When you go to the large outdoor sports store, you’ll find hundreds, if not thousands of fishing rods waiting for you to browse. Having plenty of choices is great, but how can you select the right rod from a sea of options?
Take a look at some of the basic characteristics of fishing rods and you’ll have the right information to make the best choice.
One of the first decisions you will have to make when selecting a fishing rod is the choice between graphite, also called carbon fiber, and fiberglass. In general, graphite rods are lighter and more sensitive, giving you a better feeling when a fish makes a strike. However, because they are so sensitive, some anglers have said that carbon fiber rods result in a premature hook-set, leading to missed fish. While carbon fiber rods are more sensitive, it is also more brittle, so most anglers looking for large game like muskies, tarpon, and tuna will choose fiberglass rods. For the most part, the average angler looking for a beginner's rod will be happy with a graphite product.
This comes down to strength and sensitivity vs. convenience. One-piece rods come as whole rod, and the only way to make them shorter is to snap them in half. Two-piece rods, however, can be broken down to fit better while in storage or transportation. Anglers who need a rod that can fit in the back of a trunk or in a duffle bag will likely want a two-piece, but all other anglers should probably consider a one-piece. You’ll have greater strength, higher sensitivity, and a better hook-set. You can catch a lot of fish with a two-piece, but one-piece rods offer even better fishing results.
A rod’s “action” basically refers to where it starts to bend. Light-action rods will bend very close to the handle, while heavy-action rods will keep a stiffer profile and bend closer to the tip. If you are looking for a rod to catch small panfish like bluegill and crappie, then you will be very happy with a light-action rod, while anglers looking for heavier game like catfish and barracuda should choose heavy-action rods. Most people looking for medium-sized fish like bass, redfish, and bonefish will probably want a medium-action rod. Light action rods give you the sensitivity to make small hook-sets, while heavy-action gives you the torque you need to pull heavy fish from the water.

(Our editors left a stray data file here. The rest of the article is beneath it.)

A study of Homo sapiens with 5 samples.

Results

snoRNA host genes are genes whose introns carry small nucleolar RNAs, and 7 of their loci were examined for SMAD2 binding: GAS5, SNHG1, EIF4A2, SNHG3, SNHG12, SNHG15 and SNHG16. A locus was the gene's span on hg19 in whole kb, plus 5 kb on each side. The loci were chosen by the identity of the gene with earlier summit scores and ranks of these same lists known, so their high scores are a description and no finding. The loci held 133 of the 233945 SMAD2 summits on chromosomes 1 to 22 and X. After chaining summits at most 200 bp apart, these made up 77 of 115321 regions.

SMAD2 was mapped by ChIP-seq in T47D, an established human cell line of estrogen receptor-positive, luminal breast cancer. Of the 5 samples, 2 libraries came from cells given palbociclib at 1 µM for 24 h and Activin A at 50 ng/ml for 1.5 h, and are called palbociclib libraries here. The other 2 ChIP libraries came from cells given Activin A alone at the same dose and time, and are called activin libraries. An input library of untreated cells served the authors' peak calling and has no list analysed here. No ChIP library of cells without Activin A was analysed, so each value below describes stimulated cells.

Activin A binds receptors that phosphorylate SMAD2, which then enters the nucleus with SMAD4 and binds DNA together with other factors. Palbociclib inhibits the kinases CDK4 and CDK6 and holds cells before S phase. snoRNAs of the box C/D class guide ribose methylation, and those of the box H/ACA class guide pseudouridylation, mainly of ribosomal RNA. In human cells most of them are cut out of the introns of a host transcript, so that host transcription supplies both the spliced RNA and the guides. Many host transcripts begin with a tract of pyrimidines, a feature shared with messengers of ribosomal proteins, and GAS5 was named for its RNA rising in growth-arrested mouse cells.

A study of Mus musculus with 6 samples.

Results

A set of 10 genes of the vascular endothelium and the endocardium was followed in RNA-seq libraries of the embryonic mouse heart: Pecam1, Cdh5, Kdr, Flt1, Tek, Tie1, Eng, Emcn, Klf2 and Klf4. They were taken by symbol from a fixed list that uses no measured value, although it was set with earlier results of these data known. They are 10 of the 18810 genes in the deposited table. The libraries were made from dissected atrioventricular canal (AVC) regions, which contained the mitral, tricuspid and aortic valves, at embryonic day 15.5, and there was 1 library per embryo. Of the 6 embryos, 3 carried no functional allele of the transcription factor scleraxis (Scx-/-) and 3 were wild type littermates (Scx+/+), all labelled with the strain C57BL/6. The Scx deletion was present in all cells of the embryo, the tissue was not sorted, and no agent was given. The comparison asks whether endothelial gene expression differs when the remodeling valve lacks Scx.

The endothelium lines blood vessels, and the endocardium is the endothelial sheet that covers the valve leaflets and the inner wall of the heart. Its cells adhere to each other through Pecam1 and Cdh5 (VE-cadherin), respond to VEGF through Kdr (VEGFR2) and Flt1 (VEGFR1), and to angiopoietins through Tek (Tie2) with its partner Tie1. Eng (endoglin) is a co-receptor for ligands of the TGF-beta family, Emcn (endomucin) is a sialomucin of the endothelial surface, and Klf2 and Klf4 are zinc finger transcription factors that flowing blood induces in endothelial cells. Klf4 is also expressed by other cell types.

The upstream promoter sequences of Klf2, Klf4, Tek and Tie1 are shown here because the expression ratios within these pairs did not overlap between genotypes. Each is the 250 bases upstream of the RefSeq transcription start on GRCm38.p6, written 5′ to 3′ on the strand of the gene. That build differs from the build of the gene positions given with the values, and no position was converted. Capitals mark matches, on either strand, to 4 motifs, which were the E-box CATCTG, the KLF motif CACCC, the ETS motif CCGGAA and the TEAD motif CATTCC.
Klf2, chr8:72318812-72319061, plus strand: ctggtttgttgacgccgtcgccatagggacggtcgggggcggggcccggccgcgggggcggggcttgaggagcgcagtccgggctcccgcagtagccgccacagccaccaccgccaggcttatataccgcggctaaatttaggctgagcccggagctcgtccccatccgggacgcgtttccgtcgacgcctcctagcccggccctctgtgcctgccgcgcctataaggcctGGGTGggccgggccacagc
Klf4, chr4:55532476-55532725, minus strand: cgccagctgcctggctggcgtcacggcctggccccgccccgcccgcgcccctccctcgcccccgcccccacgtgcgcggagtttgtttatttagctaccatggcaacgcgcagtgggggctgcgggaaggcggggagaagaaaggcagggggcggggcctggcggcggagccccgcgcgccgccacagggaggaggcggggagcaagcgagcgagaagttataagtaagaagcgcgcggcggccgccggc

For the most part, the longer the rod, the greater the casting distance. Many anglers will find that a rod in the six to seven-foot range will be long enough, but if you are fishing for larger game or think that you’ll want maximum casting distance, especially with heavy lures and bait, you can always choose something longer. Anglers looking for smaller panfish can easily get by with a shorter rod, as short as five feet long.
Keep these little hints in mind before you head to the store and you’ll be able to find the perfect fishing rod for your specific needs.
Kyle Alsop and Taylor Bivins of Kansas State University are the winners of the 2016 Carhartt Bassmaster College Series National Championship, thanks to a series of consistent weights. They finished the tournament on Kentucky's Green River Lake with 36 pounds, 4 ounces.
The Kansas State team was the only one in the field of 89 teams to bring in more than 10 pounds every day.
You often hear the phrase there is nothing more important than a friend but like many other clichés of life especially at today’s pace, many of these old time sayings are said without really understanding their meaning. As I look back at the past five decades of my life spent in blue water and at my hunting career which has taken me all over the globe, I lift both hands in front of me and start counting off the friends which I could call at any time day or night for help; those who would put their life in jeopardy to save mine, or for that matter those who I can count on in the absolute worst of situations.
America (and much of the globe) seems to have an obsession with billfish, but few species are as popular as the Atlantic blue marlin. Not that there is anything wrong with black marlin, sailfish, swordfish, or striped marlin; it’s just that the blue marlin, which is the largest of the billfish group, has captured the hearts and passions of anglers for centuries.
If you want to join the ranks of anglers who’ve pulled up a blue marlin, you have your work cut out for you. But with the right techniques, you can add this world-class trophy to your list.